Two things popped into my head on Tuesday when I learned that Jerry Glanville had become the first coach to be hired by Major League Football.
One, he’s not really the first coach to join the league.
In 2016 – two years after MLFB was formed – Dave Campo, Charlie Collins, Ted Cottrell, Robert Ford, Buddy Geis, Galen Hall, Larry Kirksey and Chris Miller were set to handle the whistle and clipboard duties for the circuit’s eight teams.
However, those coaches never got around to coaching those teams because those teams never got around to playing games.
Two, and the most important, was a bit of wisdom Glanville shared with me and a handful of reporters way back in 1994:
“I don’t like to kick back,” he said. “I’d rather kick ass.”
That interaction didn’t come anywhere near a football field, although Glanville has been on quite a few in a coaching career that covers more than half a century. Instead it was in the garage area of Talladega Superspeedway where he was preparing to take his Ford Thunderbird for a spin in an upcoming Auto Racing Club of America (ARCA) race.
Like many followers of sports, I was most familiar with Glanville from his coaching days with the Houston Oilers and Atlanta Falcons. By the time he came to Talladega he was temporarily out of football – but hardly out of competitive juices.
“It’s time to get back to work,” he told those of us who were leaning in to hear him over the roar of engines. “I miss work. In fact, I only missed four days of work in 30 years but now I’ve missed 150 (since being fired by the Falcons).”
He gave a great interview … and of course, he talked a lot about football. He hinted that he was preparing to interview with the expansion Carolina Panthers in the coming weeks.
But motorsports was more than a novelty for him.
He mentioned that he began drag racing at Toledo Speedway when he was 15, and had stayed involved in the sport ever since. He was under no illusion that he would ever become a racing sensation in the stock car world – it was strictly part-time and he was trading paint with full-time stars. Still, it was fun – and a challenge.
So what does this have to do with yesterday’s MLFB news?
Or maybe everything.
Because at 80 years young, Glanville’s got one monumental challenge ahead of him.
“The excitement of competing is easily surpassed by the excitement of making a kid better,” Glanville said in a statement released by MLFB. “Game day is great, but how great is it to get one into the NFL? That is the real excitement for me.”
But getting a kid into the NFL means first he has to get one into Major League Football, and that’s something that – to date – just never has worked out.
I mean, this league has had more false starts than an all-rookie offensive line.
When MLFB, a publicly traded company, was originally announced nearly eight years ago, it was to start with eight to teams located in non-NFL and non-Major League Baseball locales. Players would average $2,500 per game except for a franchise player, who would make much more and be a year-round employee of the league.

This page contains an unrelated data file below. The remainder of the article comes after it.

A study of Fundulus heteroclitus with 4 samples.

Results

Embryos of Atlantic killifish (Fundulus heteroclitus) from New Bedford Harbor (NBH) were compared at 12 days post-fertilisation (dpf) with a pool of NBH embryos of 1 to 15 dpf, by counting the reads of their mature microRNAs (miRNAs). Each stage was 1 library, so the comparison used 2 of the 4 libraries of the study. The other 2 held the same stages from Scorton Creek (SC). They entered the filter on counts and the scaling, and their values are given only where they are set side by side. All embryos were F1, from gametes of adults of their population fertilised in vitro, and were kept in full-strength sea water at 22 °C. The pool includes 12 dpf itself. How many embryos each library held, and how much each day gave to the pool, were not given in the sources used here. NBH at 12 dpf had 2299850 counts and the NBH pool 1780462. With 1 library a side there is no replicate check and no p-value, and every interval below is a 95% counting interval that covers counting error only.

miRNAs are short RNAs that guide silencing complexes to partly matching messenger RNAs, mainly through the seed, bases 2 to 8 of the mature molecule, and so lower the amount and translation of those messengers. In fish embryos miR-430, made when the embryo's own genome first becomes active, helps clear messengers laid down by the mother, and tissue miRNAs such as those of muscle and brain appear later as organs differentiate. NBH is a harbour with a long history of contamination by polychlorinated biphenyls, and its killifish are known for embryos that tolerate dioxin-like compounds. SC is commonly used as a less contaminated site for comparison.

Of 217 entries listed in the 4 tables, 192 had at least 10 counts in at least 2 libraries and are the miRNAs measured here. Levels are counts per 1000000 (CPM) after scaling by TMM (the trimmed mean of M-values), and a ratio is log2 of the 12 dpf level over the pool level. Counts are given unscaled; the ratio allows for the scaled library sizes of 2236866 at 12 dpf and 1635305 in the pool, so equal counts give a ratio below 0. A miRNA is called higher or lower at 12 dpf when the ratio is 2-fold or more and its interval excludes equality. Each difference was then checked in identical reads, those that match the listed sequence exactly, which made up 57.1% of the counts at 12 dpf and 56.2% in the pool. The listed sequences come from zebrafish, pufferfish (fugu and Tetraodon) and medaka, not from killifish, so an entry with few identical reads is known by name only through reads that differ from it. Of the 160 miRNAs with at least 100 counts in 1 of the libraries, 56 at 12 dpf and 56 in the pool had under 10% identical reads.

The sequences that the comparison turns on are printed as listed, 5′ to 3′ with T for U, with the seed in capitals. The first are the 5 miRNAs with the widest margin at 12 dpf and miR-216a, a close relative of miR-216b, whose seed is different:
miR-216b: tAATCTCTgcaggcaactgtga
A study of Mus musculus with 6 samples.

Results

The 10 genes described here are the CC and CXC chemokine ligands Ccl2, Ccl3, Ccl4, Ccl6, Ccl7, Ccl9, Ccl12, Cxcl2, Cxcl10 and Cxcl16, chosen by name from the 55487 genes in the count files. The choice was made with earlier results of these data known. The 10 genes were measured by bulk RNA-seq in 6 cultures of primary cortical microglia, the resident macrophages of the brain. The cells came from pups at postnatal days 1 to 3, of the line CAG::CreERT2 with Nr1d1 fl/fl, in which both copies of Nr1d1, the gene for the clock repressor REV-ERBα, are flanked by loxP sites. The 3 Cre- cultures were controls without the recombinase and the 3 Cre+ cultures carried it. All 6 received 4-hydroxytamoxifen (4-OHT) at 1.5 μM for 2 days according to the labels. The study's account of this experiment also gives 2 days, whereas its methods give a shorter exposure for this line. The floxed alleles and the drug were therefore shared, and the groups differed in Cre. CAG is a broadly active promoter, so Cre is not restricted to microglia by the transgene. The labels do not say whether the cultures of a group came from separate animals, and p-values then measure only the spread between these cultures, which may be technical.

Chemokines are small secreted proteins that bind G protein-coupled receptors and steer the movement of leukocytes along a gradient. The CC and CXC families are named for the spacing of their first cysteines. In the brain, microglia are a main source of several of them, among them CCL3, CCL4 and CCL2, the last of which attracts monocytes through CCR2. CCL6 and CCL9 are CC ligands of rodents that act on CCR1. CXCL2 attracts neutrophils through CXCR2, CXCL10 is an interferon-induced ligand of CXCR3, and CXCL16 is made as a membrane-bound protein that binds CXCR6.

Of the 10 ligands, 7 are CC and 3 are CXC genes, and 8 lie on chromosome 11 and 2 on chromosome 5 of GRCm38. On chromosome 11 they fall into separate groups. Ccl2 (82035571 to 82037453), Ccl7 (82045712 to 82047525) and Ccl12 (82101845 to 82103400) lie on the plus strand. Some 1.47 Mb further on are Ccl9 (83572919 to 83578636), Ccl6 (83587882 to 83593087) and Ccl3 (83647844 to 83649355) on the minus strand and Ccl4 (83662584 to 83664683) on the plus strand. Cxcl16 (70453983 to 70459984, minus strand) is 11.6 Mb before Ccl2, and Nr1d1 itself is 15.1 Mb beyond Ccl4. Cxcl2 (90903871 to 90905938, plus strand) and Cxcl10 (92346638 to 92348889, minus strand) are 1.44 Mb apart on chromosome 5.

The idea seemed fine, but as months and years went by, it never really moved past being anything more than an idea.
MLFB President and CEO Frank Murtha has been involved from the start, but Major League Football has also seen former NFL standout Wes Chandler named president and former Chicago Bears general manager Jerry Vainisi tapped as CEO.
Employees have come and gone, but the one constant has been Major League Football delaying its start year after year.
Previously its biggest news came in the spring of 2020 when officials announced they had acquired roughly 90 percent of the defunct Alliance of American Football’s equipment. That buy included 1,000 sets of helmets and pads plus uniforms, medical equipment and electronics.
That was an important business acquisition, but landing a coach makes a bigger splash.
The addition of Glanville gives MLFB both a colorful character and someone who has experience in the NFL, CFL, XFL, college football, the United Football League (as a consultant) and even The Spring League.
“We know our runway gets shorter every day,” Murtha said in a statement. “We needed to find a coach that has the experience not only in football, but in league development. Jerry Glanville fills that criteria perfectly. Not only does he know football and coaching as well as anyone on the planet, but he has also been involved in the early life of start-up leagues. Having coached at all levels of football including the NFL, Coach Glanville brings a wealth of knowledge to MLFB.”
Tuesday’s announcement is part of a rollout of information from Murtha. On Friday, he says, the league will have a new website, with the expectation that team locales, names, training camp dates and schedules will be revealed soon.
Training camp is supposed to open in mid-April in Lakewood Ranch, Florida, with six teams beginning the inaugural MLFB season in May.
Cities under consideration for flagship franchises are Mobile and Montgomery in Alabama; Little Rock in Arkansas; Daytona and Orlando in Florida; Canton-Massillon in Ohio; Oklahoma City in Oklahoma; Austin, Denton and San Antonio in Texas; and Norfolk-Virginia Beach in Virginia.
Do I hope MLFB can finally make a go of it?
Yes I do.
Do I think it will?
No, I do not.
With the new USFL coming this April and XFL 3.0 set to begin play in February, 2023, I just don’t see it finding a space to squeeze into. I’d love to be wrong but let’s be realistic – it’s going to be hard enough for just one of these alternative leagues to stick.
Still, the fact that Glanville is involved makes me more interested in Major League Football than I was before. And since – after all these years – this old coach/racecar driver refuses to kick back, I hope he gets a chance to kick ass one more time.